Ethereum remains the king for now as its competitors continue to find their footing and attempt to gather recognition. To its credit, the platform is working on improvements—including making the switch to PoS consensus and implementing the lightning network for off-chain transactions—but it is fair to question if it is too little, too late.

Blockchain-based computing tools are built on the strength of their networks, which is both a negative and a positive. On one hand, they are entirely reliant on the number of users connecting and collaborating, so they could theoretically fail before they reach critical mass. On the other, they provide a truly viable model to unlock the real potential of computing power to continue fueling technological innovation.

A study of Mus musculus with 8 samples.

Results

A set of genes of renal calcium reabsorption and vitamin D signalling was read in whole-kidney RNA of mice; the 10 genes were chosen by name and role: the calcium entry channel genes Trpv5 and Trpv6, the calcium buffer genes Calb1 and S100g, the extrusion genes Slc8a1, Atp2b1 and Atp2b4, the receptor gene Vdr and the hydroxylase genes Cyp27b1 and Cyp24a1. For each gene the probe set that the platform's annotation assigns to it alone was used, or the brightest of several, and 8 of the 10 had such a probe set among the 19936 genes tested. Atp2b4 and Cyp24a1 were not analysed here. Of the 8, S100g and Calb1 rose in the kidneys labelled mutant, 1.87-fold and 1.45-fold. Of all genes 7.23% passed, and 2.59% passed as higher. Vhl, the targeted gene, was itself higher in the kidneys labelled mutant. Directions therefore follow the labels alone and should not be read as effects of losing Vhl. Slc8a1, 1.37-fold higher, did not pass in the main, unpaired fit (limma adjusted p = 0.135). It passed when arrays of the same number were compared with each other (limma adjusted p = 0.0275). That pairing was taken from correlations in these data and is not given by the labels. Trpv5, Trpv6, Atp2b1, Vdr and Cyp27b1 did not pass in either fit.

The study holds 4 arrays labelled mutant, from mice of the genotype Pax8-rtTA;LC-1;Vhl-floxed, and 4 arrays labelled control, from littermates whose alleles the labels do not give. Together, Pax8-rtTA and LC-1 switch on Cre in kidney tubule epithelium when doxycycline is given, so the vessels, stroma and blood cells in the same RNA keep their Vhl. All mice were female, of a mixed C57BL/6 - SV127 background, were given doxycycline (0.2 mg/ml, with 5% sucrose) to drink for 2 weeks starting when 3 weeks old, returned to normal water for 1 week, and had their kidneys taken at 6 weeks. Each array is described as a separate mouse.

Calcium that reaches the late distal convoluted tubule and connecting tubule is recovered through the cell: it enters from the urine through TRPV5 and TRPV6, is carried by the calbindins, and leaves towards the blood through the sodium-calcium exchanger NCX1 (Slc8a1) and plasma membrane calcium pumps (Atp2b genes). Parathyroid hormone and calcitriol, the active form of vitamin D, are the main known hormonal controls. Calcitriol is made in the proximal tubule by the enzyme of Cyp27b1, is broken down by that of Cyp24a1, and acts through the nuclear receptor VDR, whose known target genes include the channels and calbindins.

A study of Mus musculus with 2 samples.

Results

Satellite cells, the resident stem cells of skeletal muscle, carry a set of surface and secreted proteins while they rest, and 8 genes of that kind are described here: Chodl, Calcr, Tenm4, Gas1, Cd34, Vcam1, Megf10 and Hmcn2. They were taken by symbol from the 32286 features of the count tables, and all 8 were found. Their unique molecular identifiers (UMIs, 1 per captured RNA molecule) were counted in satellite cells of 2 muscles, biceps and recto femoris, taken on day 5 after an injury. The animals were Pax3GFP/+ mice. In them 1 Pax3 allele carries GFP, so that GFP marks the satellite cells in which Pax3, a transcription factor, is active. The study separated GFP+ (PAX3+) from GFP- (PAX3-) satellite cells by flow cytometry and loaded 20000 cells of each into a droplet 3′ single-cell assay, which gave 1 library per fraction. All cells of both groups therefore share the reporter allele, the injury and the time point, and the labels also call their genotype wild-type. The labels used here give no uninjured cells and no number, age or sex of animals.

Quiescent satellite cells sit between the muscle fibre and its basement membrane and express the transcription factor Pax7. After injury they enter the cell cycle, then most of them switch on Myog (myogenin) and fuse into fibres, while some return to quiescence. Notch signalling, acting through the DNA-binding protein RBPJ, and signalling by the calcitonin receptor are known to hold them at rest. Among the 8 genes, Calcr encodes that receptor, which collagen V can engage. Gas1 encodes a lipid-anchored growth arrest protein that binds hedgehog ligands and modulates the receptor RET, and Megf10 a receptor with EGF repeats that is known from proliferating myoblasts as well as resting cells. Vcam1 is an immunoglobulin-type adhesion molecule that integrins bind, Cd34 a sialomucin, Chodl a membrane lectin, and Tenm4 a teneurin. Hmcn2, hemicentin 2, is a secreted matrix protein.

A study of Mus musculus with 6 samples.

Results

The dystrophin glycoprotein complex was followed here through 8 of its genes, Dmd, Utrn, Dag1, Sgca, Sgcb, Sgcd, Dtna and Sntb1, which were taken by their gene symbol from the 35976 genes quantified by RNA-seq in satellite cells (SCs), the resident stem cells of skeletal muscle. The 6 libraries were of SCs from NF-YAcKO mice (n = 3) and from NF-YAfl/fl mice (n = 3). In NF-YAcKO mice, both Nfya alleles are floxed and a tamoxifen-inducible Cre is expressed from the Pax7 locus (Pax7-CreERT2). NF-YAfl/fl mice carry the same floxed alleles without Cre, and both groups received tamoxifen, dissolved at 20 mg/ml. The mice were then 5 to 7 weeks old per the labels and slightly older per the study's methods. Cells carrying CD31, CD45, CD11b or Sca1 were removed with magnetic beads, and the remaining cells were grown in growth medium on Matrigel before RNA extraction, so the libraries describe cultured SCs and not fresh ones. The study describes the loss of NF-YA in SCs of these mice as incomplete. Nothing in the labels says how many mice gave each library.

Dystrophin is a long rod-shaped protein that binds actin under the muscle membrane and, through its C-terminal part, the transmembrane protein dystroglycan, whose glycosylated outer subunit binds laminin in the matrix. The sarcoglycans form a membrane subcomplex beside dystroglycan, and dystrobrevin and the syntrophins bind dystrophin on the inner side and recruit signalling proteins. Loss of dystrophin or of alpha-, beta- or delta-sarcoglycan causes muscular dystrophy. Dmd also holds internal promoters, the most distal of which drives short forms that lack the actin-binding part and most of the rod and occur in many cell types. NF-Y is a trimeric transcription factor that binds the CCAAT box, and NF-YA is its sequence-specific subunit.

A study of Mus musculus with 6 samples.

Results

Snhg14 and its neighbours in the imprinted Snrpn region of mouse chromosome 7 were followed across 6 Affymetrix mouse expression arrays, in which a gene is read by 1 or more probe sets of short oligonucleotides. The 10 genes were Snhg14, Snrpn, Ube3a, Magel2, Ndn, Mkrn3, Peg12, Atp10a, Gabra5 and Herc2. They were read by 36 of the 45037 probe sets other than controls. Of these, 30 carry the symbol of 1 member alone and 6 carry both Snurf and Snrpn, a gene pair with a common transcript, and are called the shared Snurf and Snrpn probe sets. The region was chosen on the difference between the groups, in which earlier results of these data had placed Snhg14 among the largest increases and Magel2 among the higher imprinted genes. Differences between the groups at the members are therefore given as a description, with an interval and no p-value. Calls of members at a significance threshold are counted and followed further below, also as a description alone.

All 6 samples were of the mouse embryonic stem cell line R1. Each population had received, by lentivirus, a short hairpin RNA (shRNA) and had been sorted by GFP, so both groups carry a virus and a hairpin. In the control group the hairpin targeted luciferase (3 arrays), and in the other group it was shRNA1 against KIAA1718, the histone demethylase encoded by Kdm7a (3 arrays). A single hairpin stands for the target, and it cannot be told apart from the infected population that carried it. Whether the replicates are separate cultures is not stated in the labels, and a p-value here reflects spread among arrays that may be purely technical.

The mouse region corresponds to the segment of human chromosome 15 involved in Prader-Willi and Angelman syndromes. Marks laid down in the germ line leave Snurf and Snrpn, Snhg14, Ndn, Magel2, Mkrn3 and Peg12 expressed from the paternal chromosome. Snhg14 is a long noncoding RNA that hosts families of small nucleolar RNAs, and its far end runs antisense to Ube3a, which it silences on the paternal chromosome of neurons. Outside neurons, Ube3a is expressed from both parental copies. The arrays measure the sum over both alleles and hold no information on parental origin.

The best compromise for someone who has cryptocurrency burning a hole in their pocket is to get both a crypto debit card and a standard credit card like those mentioned above. This way, they can travel around and use their cryptocurrency card where it’s accepted, and their other card in those places where a snag is bound to occur.

While the space continues to evolve, active participation by many high-profile companies as well as investors indicates good traction in the emerging marketplace. Blockchain and crypto-based markets will add a new dimension to the exciting world of investments and trading, creating a faster, cheaper and more transparent process.

Centralized exchanges are not without their problems—and some of the issues are real causes for concern—but they also give the sector much greater exposure, and most importantly access to fiat capital. Thanks to their regulation, connection to the traditional financial system, and accessibility, they help new traders enter the market, and continue to grow the industry toward critical mass.

In the end, users are left with a real dilemma: they may know the game is crooked, but it’s the only game in town.